A new study by a University of Illinois at Chicago marketing professor suggests that last-minute shoppers may find this year's best bargains in the service industries, such as travel, hospitality and restaurants.
In "Yield Management: Filling Buckets, Papering the House," published in the Sept. - Oct. 1999 edition of Business Horizons, Robert Weigand, professor emeritus of marketing, examines the effects of yield management - a pricing tool used by companies to even out peaks and valleys in demand over time, which may translate to heavy price discounts for service shoppers.
"It's likely that a lot of companies in the service business these days practice yield management without quite knowing it," Weigand writes in the journal article. "Big-city theaters and ballet companies routinely sell tickets at heavy discounts - the tickets put on sale just hours before a performance. Major airlines often discount a few seats on some of their flights when departure time and date gets near, not wanting the flight to leave town only partially full. Yield management is meant to address these differences between demand of the moment and long-term fixed capacity."
According to Weigand, yield management is the practice of using price to shift demand from heavy-use periods to lighter-use times. In other instances, it is used to bring in new customers who were not attracted by an earlier offer. It is particularly important in service industries, he adds, because services usually can't be stored.
"Pricing among customers based on their willingness to pay is a familiar practice," Weigand says. "By comparison, yield management comes to play when the first sketchy evidence arises that a company's fixed capacity - rooms in a hotel, seats at an event, berths on a cruise ship - may not be fully used, even if only for a brief period of time. The decision to lower or raise a price often must be made quickly - sometimes within minutes of the arrival of new information - and the decision will be short-term. Moreover, the special offer can be withdrawn just as quickly as it is made."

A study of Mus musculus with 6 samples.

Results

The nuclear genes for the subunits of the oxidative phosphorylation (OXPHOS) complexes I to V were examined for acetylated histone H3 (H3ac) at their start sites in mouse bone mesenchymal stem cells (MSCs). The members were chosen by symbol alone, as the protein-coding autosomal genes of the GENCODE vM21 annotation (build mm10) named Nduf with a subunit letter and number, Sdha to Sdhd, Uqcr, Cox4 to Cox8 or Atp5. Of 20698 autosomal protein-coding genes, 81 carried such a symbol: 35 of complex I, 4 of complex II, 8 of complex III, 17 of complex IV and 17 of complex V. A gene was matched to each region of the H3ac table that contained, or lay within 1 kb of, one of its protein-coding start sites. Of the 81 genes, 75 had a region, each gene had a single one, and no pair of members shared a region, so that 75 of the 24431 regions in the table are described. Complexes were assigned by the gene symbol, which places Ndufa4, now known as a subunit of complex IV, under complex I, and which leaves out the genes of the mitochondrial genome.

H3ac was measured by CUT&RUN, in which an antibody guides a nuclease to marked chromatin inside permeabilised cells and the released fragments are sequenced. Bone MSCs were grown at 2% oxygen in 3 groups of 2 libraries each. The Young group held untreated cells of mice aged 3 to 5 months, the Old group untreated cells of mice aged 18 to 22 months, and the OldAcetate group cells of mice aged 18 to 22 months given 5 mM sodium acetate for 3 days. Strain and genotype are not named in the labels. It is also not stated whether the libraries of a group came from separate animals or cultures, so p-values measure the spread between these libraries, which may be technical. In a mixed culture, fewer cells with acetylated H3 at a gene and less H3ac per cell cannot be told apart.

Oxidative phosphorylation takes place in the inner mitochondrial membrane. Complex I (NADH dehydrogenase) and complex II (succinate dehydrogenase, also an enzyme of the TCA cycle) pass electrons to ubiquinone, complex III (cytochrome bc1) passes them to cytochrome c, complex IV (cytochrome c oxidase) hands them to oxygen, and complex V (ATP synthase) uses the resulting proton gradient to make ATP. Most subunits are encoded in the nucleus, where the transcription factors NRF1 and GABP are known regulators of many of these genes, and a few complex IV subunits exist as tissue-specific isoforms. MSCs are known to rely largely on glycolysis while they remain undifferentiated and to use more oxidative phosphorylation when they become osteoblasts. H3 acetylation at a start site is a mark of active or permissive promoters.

In the report, Weigand recalls the story, many years ago, of one of his foreign students who successfully encouraged an airline to use yield management as a last-minute buying strategy. "The student told me he would be going home to Europe as soon as exams were finished later that day," he writes. "When I asked him what airline he would take, he said he wouldn't know until just minutes before departure. He explained that he would go to the airport, visiting the KLM, Lufthansa, SAS and Sabena check-in counters.
"He always asked to see the station manager, then would offer $50 for a one-way ticket to the carrier's destination. He could easily get to this home city from Frankfurt, Brussels, Amsterdam or almost anywhere in central Europe. His last-minute buying strategy did involve a bit of hectic price-haggling, he admitted, but it had never failed him."
Weigand cautions, however, that there is always the possibility of buyer resentment if buyers learn that a neighbor bought the same service at a substantially lower price. There's also the possibility that companies may be too quick to offer lower prices when other marketing tools might have saved some of their gross profits.
Nonetheless, Weigand says a happy and redeeming feature of yield management, at least for sellers, is that an offer can be withdrawn very quickly when it becomes clear that it is too attractive or unprofitable. And, as for last-minute shoppers - even under optimal economic conditions - apparently no amount of hassle will ever break the habit of searching for and finding great bargains and values.